It is obvious that Conrad a writer that seems more preoccupied with his narrative than anything else. Conrad describes his narrative as essential in uncovering the underlying themes, ironies, characters, and mysteriousness of the novel. Like in most of his other works Conrad has decided to use the omniscient narrator. The narrator is an extension of Conrad but the distinction between the two should be made. The omniscient, although an extension of the author, is purely a creation designed to fulfill themes and help with regards to the structure.
The omniscient switches umpteen times, from character to character throughout the novel. This is done to give the reader a certain divinity; a Godly like state making one able to see all. Once the reader is given insight into the novel he/she is more capable in exposing truths. The omniscient is required to reveal the burning core of the narrative whilst retaining the ironic detachment Conrad wanted.
The truly amazing thing about the gift of divinity is that it allows one to distinctly notice contrast. The contrasts lie in the ironic differences between realities. The narrator has allowed the reader knowledge that allows him/her to see Conrad's reality, contrary to the reality created by the characters. It is in fact this divinity that allows the reader to mock many of the characters as they are blinded from parallel situations. An example of this is the episode in which the assistant commissioner is assuring the safety of Verloc whilst he is being stabbed by Winnie. Ironic in substance, this further flatters the intelligence of the reader. This is also used in revealing the the positions of the officials; in that they are unaware of the situations they must protect (this is obviously a jab at the real enforcers of his time).
The role of the omniscient is to reveal certain things about the novel that we would normally find unobtainable. However equally important is the role of denying facts when is necessary. We are sometimes made to share the same limitations of perspective as the characters. Unfortunately, what the characters consider truth is incomplete due to their self interest, moral obtuseness, and overall mortal flaws. The reader can only hope to understand the novel fully if willing to intertwine facts and character opinions against traditional style.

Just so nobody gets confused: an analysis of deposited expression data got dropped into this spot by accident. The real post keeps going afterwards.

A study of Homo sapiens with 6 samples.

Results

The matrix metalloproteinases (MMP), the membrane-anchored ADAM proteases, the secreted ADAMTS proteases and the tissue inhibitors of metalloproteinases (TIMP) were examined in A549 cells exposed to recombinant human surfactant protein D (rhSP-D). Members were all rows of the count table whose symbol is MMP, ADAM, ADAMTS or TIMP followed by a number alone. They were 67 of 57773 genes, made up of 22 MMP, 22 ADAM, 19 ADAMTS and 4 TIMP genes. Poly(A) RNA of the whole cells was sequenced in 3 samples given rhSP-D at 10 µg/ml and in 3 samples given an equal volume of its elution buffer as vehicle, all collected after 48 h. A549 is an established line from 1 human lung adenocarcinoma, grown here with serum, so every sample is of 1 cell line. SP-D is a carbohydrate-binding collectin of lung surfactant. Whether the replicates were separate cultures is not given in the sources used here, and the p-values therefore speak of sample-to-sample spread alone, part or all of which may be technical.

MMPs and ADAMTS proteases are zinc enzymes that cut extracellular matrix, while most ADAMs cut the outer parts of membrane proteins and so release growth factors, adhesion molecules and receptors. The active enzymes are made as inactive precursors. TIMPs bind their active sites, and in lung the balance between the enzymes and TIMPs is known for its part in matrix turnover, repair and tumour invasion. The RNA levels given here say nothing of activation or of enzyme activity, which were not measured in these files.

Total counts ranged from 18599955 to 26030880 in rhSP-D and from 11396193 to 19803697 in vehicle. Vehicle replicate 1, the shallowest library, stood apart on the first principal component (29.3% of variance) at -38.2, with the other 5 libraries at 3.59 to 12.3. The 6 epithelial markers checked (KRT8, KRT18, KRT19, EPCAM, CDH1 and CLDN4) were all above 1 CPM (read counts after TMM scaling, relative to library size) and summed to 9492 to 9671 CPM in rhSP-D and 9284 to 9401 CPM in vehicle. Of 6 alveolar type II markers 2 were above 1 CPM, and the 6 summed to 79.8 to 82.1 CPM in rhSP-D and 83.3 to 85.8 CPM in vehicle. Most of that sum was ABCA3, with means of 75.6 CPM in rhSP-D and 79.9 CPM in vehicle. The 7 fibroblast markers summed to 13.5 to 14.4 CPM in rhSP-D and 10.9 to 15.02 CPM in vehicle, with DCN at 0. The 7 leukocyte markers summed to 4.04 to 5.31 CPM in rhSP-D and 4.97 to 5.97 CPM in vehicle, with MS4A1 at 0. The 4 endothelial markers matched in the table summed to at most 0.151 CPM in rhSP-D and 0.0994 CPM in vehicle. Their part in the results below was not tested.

Foreshadowing is a commonly used tool. "She could not bear to see the poor boy hurt" is a clue to Stevie's demise, much like the fireworks incident. "Busy letting off fireworks on the staircase" preempts his death in the explosion. Once the plot unfolds the reader is left with better knowledge regarding the foreshadowing technique and is now able to spot them as they happen. This flatters the reader as he/she is now close to the omniscient.
The constant reference and description of London is also important with regards to the narrative. "And a peculiar London sun - against which nothing could be said except that it looked bloodshot..." Both the characters and the city are both similiarly referred to as "grimy," or "bleak." This creates a relentless bleakness around London and its population further reinforcing the bleakness of the novel. Conrad, with all his heavy texts, has managed to portray faces and an actual vision of the city very vividly.
The time scheme in this book further reinstates the fact that reality has to be perceived not conventionally and by being spoon fed, but rather through the understanding that completely non related areas infringe on each other. Also this type of time scope allows the reader to examine the reaction to an action with better understanding as he/she might have seen the reaction prior to the action.
The prose style given to the narrator is formal, heavy, and convoluted. This is where Conrad may have been mistaken. Due to this lengthy text given sometimes by the narrator, the reader may sometimes get frustrated. This reduces the flow and the reader quickly loses focus. The style in which the narrator gives information gives the reader the feeling that every word has been thought of, further emphasizing the author's control over the way in which his plot unfolds. Much like Hardy in "The Tess Of The DÃÂÃÂrbervilles", Conrad plays the roles of creator, judge, and executioner. It is this egotistical style that establishes Conrad as the final court of appeal. However, the most impressive thing about the narrator is how through his irony and manipulation, the reader is coaxed into finding the usually incomprehensible, understandable and vice versa.
Conrad's narrative has been said to be "regulated hatred." Because every character, setting, and action mocks and is mocked by moral judgment, Conrad, through these parallels and cross references is able to express the ambiguities of moral understanding. The structure as a whole embodies both the essential singularity of each character and their vital simultaneity.